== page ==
Morosi: Haniger’s future, how 2 big names leaving their teams benefits Mariners

Nov 23, 2022, 12:50 PM

Mariners Mitch Haniger...

Mitch Haniger celebrates the Mariners' win over Texas on Sept. 28, 2022. (Photo by Steph Chambers/Getty Images)

(Photo by Steph Chambers/Getty Images)

The Mariners were the talk of baseball last week with two notable moves involving big-name players, and they figure to be a team to watch for the rest of this offseason.

Morosi: Why Mariners will be patient with addressing middle infield

S0meone who’s wired in to the Mariners and the rest of MLB is Jon Morosi of MLB Network, who joined Wyman and Bob on Seattle Sports 710 AM on Monday for his weekly conversation. Here’s a bit of what Morosi had to say about the Mariners and the offseason.

What’s next for Mitch Haniger?

Someone Mariners fans are keeping a close eye on is outfielder Mitch Haniger, who is far and away the biggest name Seattle may lose this offseason in free agency.

Haniger, 32 next month, is a fantastic outfielder and slugger when healthy, but staying on the field has been an issue for him, including in 2022 when he missed over 100 games due largely to an ankle injury. That came after a 39-homer 2021 season when Haniger played 157 games, but that big year came after he missed all of 2020 and most of 2019 due to multiple surgeries.

When the offseason began, a reunion between Haniger and the Mariners made a lot of sense for both sides, but Seattle has since traded for All-Star corner outfielder Teoscar Hernández, who primarily plays right field – Haniger’s position – and also hits right-handed and for power.

And according to Morosi, Haniger has a pretty substantial market, reporting the L.A. Dodgers and Angels are interested as well as the Texas Rangers.

“I think that at the moment, all signs are pointing to Mitch Haniger playing somewhere else in 2023 and beyond,” Morosi told Wyman and Bob Monday evening. “At this point, the interest in him is robust around the majors from what I can tell. There are probably half a dozen teams that are involved to differing degrees. And it does not appear to me at the moment that the Mariners are one of them that are interested in bringing him back.”

With the addition of Hernández, Morosi thinks there’s “just not a good fit” for Haniger to return to the Mariners.

“I think the one difficult part of it for Mariner fans beyond just how they feel about Mitch is that it’s now entirely plausible that he’s gonna be in the division,” he said.

The Angels in particular are interesting, Morosi said, as Haniger has great numbers against them, especially in Anaheim. Outside of T-Mobile Park in Seattle, the stadium where Haniger has hit most home runs and driven in the most runs is Angel Stadium.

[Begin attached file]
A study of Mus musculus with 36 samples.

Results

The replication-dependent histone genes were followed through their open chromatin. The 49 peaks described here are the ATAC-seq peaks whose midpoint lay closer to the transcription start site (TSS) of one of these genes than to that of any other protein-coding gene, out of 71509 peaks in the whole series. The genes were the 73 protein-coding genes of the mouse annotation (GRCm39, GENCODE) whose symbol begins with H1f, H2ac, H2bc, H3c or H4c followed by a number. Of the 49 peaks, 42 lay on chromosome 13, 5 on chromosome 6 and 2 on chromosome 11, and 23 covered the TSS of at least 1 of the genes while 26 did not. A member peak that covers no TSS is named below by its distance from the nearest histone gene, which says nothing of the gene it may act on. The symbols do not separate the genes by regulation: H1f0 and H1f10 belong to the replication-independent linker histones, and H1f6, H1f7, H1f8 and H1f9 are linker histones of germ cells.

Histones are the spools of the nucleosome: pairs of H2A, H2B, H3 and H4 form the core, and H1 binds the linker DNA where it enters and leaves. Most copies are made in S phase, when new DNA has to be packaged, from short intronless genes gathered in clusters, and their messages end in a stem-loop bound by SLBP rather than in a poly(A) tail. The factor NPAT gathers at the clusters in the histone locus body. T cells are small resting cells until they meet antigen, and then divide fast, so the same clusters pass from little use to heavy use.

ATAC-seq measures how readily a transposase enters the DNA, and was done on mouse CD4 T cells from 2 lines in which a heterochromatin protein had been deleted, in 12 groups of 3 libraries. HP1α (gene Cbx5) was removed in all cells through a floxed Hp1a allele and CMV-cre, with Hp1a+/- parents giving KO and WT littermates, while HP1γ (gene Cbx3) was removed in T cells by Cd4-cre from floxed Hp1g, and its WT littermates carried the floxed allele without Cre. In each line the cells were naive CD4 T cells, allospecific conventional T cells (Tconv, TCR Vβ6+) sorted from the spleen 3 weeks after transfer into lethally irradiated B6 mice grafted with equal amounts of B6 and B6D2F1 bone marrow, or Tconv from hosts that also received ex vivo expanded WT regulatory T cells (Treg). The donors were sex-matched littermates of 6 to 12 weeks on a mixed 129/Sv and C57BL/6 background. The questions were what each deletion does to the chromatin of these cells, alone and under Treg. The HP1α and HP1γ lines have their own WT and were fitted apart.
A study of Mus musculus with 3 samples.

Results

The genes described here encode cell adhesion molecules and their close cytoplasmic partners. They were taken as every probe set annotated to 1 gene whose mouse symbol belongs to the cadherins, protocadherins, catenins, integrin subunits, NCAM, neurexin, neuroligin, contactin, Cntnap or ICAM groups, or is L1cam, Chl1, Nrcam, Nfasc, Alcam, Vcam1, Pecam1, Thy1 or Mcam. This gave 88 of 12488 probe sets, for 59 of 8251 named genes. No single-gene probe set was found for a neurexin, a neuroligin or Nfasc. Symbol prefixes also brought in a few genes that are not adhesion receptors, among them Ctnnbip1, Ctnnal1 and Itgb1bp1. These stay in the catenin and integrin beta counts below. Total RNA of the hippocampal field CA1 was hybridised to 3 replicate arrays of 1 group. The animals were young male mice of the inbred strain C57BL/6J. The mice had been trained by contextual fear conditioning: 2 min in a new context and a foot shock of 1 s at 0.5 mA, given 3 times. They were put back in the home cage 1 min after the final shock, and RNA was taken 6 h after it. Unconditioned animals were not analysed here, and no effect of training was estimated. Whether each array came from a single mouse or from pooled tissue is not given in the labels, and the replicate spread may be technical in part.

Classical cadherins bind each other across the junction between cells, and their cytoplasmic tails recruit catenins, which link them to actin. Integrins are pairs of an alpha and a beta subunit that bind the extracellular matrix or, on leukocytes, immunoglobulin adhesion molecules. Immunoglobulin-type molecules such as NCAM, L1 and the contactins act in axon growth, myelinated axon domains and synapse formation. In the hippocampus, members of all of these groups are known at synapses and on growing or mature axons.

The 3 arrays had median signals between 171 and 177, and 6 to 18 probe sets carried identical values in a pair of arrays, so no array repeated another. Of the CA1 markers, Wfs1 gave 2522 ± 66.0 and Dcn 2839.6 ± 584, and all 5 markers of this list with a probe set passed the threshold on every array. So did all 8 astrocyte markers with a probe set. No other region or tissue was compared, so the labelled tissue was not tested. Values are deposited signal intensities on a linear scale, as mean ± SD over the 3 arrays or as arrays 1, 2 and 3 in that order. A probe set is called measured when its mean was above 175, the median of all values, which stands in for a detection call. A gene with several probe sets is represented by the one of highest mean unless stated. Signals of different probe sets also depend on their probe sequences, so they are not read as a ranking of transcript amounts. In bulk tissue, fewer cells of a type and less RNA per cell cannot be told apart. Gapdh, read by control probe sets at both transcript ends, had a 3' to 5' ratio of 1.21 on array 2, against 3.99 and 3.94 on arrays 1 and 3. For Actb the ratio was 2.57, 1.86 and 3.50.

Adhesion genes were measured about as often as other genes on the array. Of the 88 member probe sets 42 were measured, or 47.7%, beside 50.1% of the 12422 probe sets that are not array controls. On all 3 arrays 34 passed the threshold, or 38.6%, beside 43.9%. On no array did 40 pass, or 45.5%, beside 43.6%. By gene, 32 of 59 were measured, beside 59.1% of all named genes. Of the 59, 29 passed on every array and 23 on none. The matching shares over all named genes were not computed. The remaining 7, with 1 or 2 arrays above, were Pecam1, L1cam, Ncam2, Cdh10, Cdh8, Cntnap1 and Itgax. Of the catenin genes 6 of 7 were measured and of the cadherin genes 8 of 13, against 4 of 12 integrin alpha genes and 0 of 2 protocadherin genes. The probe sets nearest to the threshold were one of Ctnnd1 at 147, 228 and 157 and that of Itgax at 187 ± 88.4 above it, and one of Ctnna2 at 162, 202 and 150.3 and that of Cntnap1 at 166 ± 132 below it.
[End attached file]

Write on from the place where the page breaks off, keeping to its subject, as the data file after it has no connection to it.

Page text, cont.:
And despite their struggles the last few years and epic collapse after an incredible start to 2022, the Angels don’t appear to be “punting” on 2023, Morosi said, as evidenced by a lucrative three-year deal with former M’s starter Tyler Anderson and their interest in Haniger and other notable free agents.

“They seem to be resolved to give this one more go with (Shohei) Ohtani still on the roster, with (Mike) Trout still playing center field, with (Anthony) Rendon healthy,”  he said. “The Angels are hoping that the entirety of 2023 looks a lot more like the first six weeks of 2022. And while that might be some wishful thinking, they’re taking some steps towards making that a reality.”

Other teams’ big losses could greatly impact Mariners

Guest host Robert Turbin asked for Morosi’s thoughts on the New York Yankees and their star free agent Aaron Judge, the 2022 AL MVP.

It’s no sure thing Judge returns, and if he does in fact leave, the Yankees will have a ton of work to do a year after winning 99 games, taking the AL East crown and mkaing it to the ALCS.

“Without Judge, they are more than one player away from being a World Series team,” Morosi said. “And obviously they just got swept by the Astros where they really weren’t that close.”

After defeating the Mariners in the ALDS in a very close three-game sweep, the Astros – who won the AL West and led the American League in wins with 106 compared to the Mariners’ 90 – had next to no problems against the Yankees in a four-game sweep before winning the World Series.

A big separator for Houston compared to the rest of baseball, Morosi said, is their development of young pitching.

So how does this Yankees and Astros talk tie back to the Mariners? Well, Morosi thinks it’s a real possibility Judge leaves New York for another team, and he also thinks Houston is likely to lose reigning AL Cy Young winner Justin Verlander in free agency.

“I would say it’s 60-40 they lose Verlander,” he said of the Astros. “I really believe that’s the case. But they have so much pitching depth, that they’ll be able to handle that and still be the best team in the American League.”

“I think from my perspective, Seattle should approach this season and basically say listen, we are really close to being one of the best teams in this league, especially with a full year of (Luis) Castillo, with a fully mature (George) Kirby and (Logan) Gilbert that they feel they’re ready to go,” Morosi added. “I think that they make some moves with Houston in mind. And if Judge leaves the Yankees and signs with San Francisco, that’s great news for the Mariners.”

If Judge in fact leaves for another team and/or Verlander leaves the Astros, that would pull the Mariners “a lot closer” to the Astros, who are the one team Morosi currently looks at as “clearly better” than Seattle in the American League. That’s especially the case if Judge leaves New York.

“I’m not sure I would say that about any other team in the American League,” Morosi said.

Listen to the full conversation at this link or in the player below.